The Tramways of
The date of the area's first mine railway is unknown (mine exploration began in the 15th century), but conventional railroads arrived around 1880. Three lines connected Pachuca with Mexico City; one of them, the Ferrocarril Hidalgo, used animal power during its first year of operation. In 1883 the Real del Monte mine built a 14 km steam railroad to transport its workers to and from Pachuca [see map]. The local street railway in Pachuca, which used both animal and steam power, had 27 km of 914 mm (36 in) gauge track by 1905.In February 1906 the Real del Monte mine was acquired by U.S. Smelting, Refining & Mining Co., which hired Siemens-Schuckert Werke of Berlin for electrification. Siemens electrified the mine, the interurban railway and the tram lines in Pachuca – and also supplied electric locomotives and passenger cars. The Siemens locomotives consisted of both 2- and 4-axle models. Here is a drawing of the latter, which specifies 914 mm track gauge, the same used in the steam days [col. AM]:
The illustration below from a Siemens catalog shows the Pachuca locomotive depicted in the drawing above [col. Ferenc Kis, courtesy Giovanni Fullin]:
Here is a catalog photograph of Pachuca's 2-axle locomotive. Note the Siemens-Schuckert "S/S" logo on its side [col. AM]:
For Pachuca's local system, Siemens ordered five 2-axle trams from Maschinenfabrik Augsburg Nürnberg ("M.A.N.") in Germany. Cars 1-3 had six side windows and seats for 20 passengers. Here was number 1 [M.A.N.]:
Cars 4 and 5 had four side windows and seats for 12 [M.A.N.]:
The date when the new Compañía de Luz, Fuerza y Ferrocarriles (Light, Power and Railways Company) began carrying passengers in Pachuca could not be found – but it is presumed to have been around 1912. (Siemens also electrified the tramway in nearby San Luis Potosí in 1912.) The following photograph, dated 1918, shows one of the small 4-wheelers at the Ferrocarril Central station [see map]. It has had its headlight moved to the roof. Pachuca had the only electric tramway in Mexico that used 914 mm = 36 in track gauge [col. Juan Manuel Menes Llaguno]:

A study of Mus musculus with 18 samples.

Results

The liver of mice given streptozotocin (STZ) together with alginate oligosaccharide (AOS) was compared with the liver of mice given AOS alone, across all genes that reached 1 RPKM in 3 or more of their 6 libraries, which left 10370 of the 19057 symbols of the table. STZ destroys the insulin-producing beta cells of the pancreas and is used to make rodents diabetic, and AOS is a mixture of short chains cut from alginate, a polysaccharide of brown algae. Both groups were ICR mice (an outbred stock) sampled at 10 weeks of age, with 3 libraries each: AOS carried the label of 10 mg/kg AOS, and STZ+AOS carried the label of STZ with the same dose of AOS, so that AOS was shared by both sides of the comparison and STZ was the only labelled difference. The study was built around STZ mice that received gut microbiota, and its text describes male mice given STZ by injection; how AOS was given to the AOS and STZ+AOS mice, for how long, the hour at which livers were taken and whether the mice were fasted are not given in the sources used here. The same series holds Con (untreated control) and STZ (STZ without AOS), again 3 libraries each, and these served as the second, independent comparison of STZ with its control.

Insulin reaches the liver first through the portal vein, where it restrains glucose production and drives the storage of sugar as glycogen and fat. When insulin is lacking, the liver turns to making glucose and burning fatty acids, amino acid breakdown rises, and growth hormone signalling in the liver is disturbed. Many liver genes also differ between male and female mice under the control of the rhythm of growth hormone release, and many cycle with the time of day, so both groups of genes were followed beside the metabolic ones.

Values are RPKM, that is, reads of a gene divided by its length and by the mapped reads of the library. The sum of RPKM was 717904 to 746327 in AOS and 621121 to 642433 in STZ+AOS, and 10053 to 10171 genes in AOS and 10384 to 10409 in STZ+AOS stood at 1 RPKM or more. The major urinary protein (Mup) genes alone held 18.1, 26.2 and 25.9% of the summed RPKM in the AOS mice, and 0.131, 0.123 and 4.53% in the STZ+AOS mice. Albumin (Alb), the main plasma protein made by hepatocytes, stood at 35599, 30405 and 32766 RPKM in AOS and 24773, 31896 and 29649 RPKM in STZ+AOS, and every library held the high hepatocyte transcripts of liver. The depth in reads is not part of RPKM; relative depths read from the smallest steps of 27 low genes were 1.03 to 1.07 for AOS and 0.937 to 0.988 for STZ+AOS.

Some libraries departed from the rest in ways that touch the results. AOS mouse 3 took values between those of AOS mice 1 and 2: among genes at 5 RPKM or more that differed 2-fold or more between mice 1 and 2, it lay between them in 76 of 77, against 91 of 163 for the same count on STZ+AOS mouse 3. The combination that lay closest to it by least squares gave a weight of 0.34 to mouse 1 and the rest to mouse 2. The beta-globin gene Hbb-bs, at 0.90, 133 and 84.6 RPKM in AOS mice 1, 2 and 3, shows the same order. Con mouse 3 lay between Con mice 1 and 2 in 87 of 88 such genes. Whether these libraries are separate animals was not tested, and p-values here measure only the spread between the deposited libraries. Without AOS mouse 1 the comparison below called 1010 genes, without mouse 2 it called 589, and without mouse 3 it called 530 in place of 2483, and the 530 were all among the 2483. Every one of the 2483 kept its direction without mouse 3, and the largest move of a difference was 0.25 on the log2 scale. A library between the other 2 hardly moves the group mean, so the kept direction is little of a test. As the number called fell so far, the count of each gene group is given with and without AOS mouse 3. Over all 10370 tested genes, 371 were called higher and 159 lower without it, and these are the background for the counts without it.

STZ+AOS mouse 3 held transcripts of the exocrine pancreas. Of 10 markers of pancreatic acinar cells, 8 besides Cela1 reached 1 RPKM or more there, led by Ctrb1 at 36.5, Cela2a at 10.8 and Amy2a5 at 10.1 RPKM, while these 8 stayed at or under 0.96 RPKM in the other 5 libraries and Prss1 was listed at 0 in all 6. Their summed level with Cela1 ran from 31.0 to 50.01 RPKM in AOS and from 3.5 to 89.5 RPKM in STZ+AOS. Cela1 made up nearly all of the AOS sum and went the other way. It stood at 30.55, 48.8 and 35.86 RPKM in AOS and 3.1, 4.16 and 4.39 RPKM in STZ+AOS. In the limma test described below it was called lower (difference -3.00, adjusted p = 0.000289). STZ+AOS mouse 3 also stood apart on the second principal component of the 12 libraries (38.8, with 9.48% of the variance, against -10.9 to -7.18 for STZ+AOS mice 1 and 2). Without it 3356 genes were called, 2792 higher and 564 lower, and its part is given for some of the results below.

The larger cars ran on the suburban lines. This one, signed for "Santa Gertrudis" mine, is about to leave its downtown terminal on Calle José Morelos [see map]. Note the classic curved wire bracket, a signature of German tramway construction throughout the world [col. Juan Manuel Menes Llaguno]. The color photograph shows the same location in 2010. The handsome building in the background, on Plaza Anaya, is the Ayuntamiento (City Hall) [Zenon Rosas Franco]:
The electric train below is on the Real del Monte line [see map]. The passenger trailer dates from steam days. The 14-km journey allegedly required two hours [col. Juan Manuel Menes Llaguno]:
This convoy on the Real del Monte line seems to be having mechanical problems [col. Zenon Rosas Franco]:
The Real del Monte line must have been costly to construct and wonderful to ride [see map]. Residents rode it for pleasure on Sunday afternoons. A destination sign on a locomotive is not seen often [col. AM]:
A "cut" on the Real del Monte line [col. Juan Manuel Menes Llaguno]:
In November 2010 Peace Corps volunteer Mindy Kuth and Pachuca resident Zenon Rosas Franco traced the entire 14 km Real del Monte route on foot. This photograph shows the "cut" of the black/white view above, as seen 70-90 years later [Zenon Rosas Franco]:
This is believed to be the same spot shown above, 70 years after the railway disappeared [Zenon Rosas Franco]:
The 1924 edition of the McGraw Electric Railway Directory (published in New York) stated that Compañía de Luz, Fuerza y Ferrocarriles de Pachuca operated 21 miles (34 km) of track, 5 locomotives, 5 motor cars and 60 'other' cars that year. Apparently CLFFP controlled the suburban as well as the local lines. The fate of the system after that date is unclear.
Compañía Real del Monte y Pachuca, Archivo Histórico. Guia general del Archivo Histórico de la Compañía de Minas de Real del Monte y Pachuca. Mexico City, 1993. Brief history of the mine, description of the archive.
Antonio Lorenzo Monterrubio. Arquitectura, urbanismo y sociedad en la ciudad de Pachuca durante el porfiriato. Mexico City, 1995. The chapter "Vías de comunicación", pp. 82-88, outlines railroad development but does not mention trams! Tram picture, p. 170.
In his "wikiloc" report on the Sendero donde corria el tren Pachuca-Real del Monte [Path of the Pachuca-Real del Monte train], adventurer/photographer Zenon Rosas Franco describes his 2010 inspection and presents six of his photographs (three of which are shown above).
The author is grateful to Mindy Kuth and Zenon Rosas Franco for the information and illustrations that they contributed to this page.